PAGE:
The Original Humboldt site is a scenic 80 acres of land located an 11 kilometer drive southwest of Humboldt where the original Humboldt Telegraph Station was built in 1878. The significance of the land is multifaceted, as it played an important role in the Canadian story of communications, transportation, the 1885 North West Resistance, relations with First Nations and Métis people, and the settlement of Saskatchewan. Groomed walking trails are available during the summer for visitors to walk out onto the land.
The site includes a public access area with seven storyboards telling the story of the site. In 2012, a Flag Ceremony was held with members of the Governor General’s Horse Guards at the military encampment area of the site, where Lt. Colonel Denison had stationed his regiment. The flag of the Governor General’s Horse Guards as well as the Union Jack were raised to mark the first time in 127 years that the Guards stood on the ground of their camp during the 1885 NorthWest Resistance. Two new art installations were created in 2013 to further commemorate the Original Humboldt site. A metal log cabin was created by Murray Cook, and a metal Red River Cart by Don Wilkins. A Métis flag was presented in the summer of 2014 by Robert Doucette, President of the Métis Nation of Saskatchewan, which is flown beside the Red River Cart. In 2016, a replica of the telegraph line was added to the site, and a native grass restoration project is underway to return the site to closer to its original form.
During the Resistance, federal troops arrived at the Humboldt telegraph station site under Lt. Colonel George Denison, awaiting orders from General Middleton. Denison noted that Humboldt was the end of the telegraph line, and the station played a very important part in communications during the Resistance. General Middleton sent messages to Humboldt via soldiers on horseback which Denison transmitted to Ottawa.
On March 23, 1885, the Winnipeg Daily News reported that “the reported uprising of Riel at Carlton, announced by dispatches from Humboldt, N.W.T., beyond which the lines have been cut, is causing great excitement… […] the telegraph wires have been cut northwest of Humboldt, thereby cutting off communication and necessitating the carrying of messages on horseback.”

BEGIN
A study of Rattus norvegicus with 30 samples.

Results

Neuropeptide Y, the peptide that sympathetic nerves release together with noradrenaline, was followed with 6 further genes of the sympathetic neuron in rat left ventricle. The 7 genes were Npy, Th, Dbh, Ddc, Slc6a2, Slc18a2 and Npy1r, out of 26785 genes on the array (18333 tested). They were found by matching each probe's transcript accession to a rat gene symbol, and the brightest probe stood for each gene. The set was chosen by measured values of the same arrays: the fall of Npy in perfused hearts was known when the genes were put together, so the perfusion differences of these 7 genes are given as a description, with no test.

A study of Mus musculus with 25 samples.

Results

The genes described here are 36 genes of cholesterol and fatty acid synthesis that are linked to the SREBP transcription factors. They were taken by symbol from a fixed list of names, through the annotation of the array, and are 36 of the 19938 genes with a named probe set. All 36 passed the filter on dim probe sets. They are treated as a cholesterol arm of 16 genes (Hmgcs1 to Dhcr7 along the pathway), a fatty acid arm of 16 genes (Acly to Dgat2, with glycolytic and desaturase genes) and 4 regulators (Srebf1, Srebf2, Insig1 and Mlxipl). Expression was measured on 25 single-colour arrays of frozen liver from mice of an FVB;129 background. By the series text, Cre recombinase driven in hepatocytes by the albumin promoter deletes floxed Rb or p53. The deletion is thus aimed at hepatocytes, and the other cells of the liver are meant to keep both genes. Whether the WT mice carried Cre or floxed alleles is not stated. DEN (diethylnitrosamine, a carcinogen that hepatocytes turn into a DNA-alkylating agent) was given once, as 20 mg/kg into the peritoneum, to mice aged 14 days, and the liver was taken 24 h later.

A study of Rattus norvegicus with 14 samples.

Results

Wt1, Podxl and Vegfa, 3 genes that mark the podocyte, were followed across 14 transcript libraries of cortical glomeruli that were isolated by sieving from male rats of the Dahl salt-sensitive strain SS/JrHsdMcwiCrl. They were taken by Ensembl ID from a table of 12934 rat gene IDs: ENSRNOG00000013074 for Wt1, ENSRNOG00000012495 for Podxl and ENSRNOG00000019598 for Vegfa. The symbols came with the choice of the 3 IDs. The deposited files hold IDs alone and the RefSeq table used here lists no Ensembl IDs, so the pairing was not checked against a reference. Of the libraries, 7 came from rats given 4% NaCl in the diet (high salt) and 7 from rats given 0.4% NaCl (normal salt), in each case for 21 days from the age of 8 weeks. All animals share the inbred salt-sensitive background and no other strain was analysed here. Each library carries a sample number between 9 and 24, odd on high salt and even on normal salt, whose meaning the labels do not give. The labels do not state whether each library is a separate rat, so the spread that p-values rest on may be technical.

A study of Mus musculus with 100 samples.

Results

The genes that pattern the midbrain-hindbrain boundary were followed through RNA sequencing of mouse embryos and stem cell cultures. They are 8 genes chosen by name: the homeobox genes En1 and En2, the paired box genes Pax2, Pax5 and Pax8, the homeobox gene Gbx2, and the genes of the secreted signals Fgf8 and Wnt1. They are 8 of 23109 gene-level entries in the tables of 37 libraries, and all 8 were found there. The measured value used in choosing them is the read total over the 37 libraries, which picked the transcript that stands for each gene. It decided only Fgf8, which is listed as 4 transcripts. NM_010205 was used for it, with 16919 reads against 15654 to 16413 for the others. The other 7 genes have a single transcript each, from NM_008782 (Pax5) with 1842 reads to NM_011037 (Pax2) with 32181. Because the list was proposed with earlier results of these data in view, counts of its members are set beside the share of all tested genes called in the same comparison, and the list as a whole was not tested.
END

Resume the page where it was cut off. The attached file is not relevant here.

Whitecap, the Dakota Sioux chief from Moose Woods, was held at the Original Humboldt site as a government prisoner after the fall of Batoche. He would be charged with treason-felony since he had not only been present at Métis headquarters during the fighting but was also the only Indian member of Louis Riel’s governing council. At his Regina trial on 18 September 1885, Whitecap had a white witness, the Dakota-speaking Gerald Willoughby of Saskatoon. Willoughby testified that the chief and his band had been forcibly taken from their reserve to Batoche by a large Métis force in early April and that the citizens of Saskatoon were helpless to stop it. He also described Whitecap as a loyal Indian who was always a welcome guest in homes throughout the district.
This testimony saved Whitecap from probable conviction. In fact, according to the surviving Department of Justice notes about the trial, the Crown prosecutor privately acknowledged that Whitecap was at Batoche against his will. The jury came to the same conclusion – after deliberating for only fifteen minutes, it returned with a verdict of not guilty. Judge Richardson, who normally lectured the accused before passing sentence, seemed surprised by the acquittal and pronounced simply, “You are now a free man again.”
Thanks to Bill Waiser, Department of History, University of Saskatchewan for the information on Chief Whitecap.
After the battle, the troops left Humboldt on July 9, 1885. Denison wrote in his book Soldiering in Canada: Recollections and Experiences, published in 1901: “We left Humboldt on July 9th, on a dull morning. The column consisted of the Body Guard and the provisional battalion, made up from the 12th York Rangers and the 35th Simcoe Foresters, under the command of Lieut-Colonel W. E. O’Brien. These two corps marched so well that I dubbed them my ‘foot cavalry.’ We left Humboldt at 8 a.m. on July 9th, and arrived at Fort Qu’Appelle at 11 a.m. on the 13th; a distance of about one hundred and forty miles, in four days and three hours.